What is Neural Manipulation?
“Neural” refers to the nervous system of the body, which includes the brain, spinal cord and peripheral nerves. This delicate system acts as a communication highway throughout the body, and when it is not operating properly, pain and loss of function can result. Neural Manipulation identifies local nerve restrictions and fixation while examining their effects on the rest of the body. The application of the gentle Neural Manipulation techniques re-establishes communication in the body, and improves its ability to adapt and restore itself to optimal health.
How Many Neural Manipulation Sessions Does it Take?
As each person’s situation is different. The number of visits will vary. Many people experience significant improvement within three to five therapy sessions: others may require additional treatment. You and your practitioner will develop a plan based on your needs and how your body responds to treatment.
What Conditions Does Neural Manipulation Benefit?
- Lower Back Pain & Sciatica
- Headaches & Migraines
- Carpal Tunnel Syndrome
- Joint Pain
- Digestive Disorders
- Post-operative Scar Tissue Pain
- Swallowing Dysfunctions
- Thoracic Outlet Syndrome
- Whiplash Injuries
- Birth Injuries
- Neuralgia & Neuritis
- Sprains & Traumatic Lesions
- And More…
What Does it Feel Like?
Neural Manipulation is a soft, hands-on manual therapy. Underneath the pain or diagnosis is a compensatory pattern created in the body with the initial source of the dysfunction often being far from where the pain is felt. The practitioner searches for this pattern and the source, and treats the related tissues. The treatment is comprised of precise gentle engagement, mobilization and elongation of the soft tissues, and most specifically, the nerves. As the source of a problem is released, symptoms will start to decrease. Reaction and response time can vary with each Neural Manipulation treatment.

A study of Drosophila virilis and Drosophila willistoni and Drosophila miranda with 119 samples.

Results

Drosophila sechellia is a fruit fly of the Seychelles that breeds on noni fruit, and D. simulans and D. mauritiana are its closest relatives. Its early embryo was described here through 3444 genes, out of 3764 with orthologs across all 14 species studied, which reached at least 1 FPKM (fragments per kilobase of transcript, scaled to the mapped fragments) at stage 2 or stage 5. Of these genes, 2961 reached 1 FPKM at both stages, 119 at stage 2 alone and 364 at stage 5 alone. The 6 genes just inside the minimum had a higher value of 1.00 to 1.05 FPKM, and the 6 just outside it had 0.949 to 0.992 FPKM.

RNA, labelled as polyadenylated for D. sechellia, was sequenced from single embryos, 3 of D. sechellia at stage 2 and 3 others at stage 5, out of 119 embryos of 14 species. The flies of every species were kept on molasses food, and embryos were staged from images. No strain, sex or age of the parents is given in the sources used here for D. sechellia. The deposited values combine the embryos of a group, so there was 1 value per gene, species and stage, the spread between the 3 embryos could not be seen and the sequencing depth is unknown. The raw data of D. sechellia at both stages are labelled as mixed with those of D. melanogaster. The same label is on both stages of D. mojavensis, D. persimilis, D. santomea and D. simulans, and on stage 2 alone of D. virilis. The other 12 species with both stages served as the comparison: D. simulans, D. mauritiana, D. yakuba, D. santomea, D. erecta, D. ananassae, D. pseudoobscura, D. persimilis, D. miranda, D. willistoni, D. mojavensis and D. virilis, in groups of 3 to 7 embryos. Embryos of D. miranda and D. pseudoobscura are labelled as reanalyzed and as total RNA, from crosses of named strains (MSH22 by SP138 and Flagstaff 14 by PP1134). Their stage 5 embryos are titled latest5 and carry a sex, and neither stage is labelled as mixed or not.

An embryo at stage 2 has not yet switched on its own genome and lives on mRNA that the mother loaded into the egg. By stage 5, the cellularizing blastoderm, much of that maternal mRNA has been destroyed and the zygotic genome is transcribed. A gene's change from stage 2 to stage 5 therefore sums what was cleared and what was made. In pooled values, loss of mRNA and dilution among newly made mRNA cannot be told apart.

What is Nerve Fixation?
A nerve functions correctly only when it is able to move freely within its surroundings. Nerves can become “fixed”, or dysfunctional, due to many reasons: physical trauma, surgeries, sedentary lifestyle, infections, pollution, bad diet, poor posture and pregnancy/delivery. When fixed, a nerve cannot glide and stretch as much as we move our body, causing sensitivity, pain, and reduced optimal health.
Optimal health relies on a harmonious relationship between the different systems of the body, such as nerves and the nervous system, organs and their support tissues, and other structures. When nerve fixation occurs in one location, the body is forced to compensate elsewhere. This disharmony creates wider spread restriction, abnormal points of tension, and chronic irritation that over time can add up to functional and structural problems – musculoskeletal, vascular, nervous, urinary, respiratory and digestive, to name a few.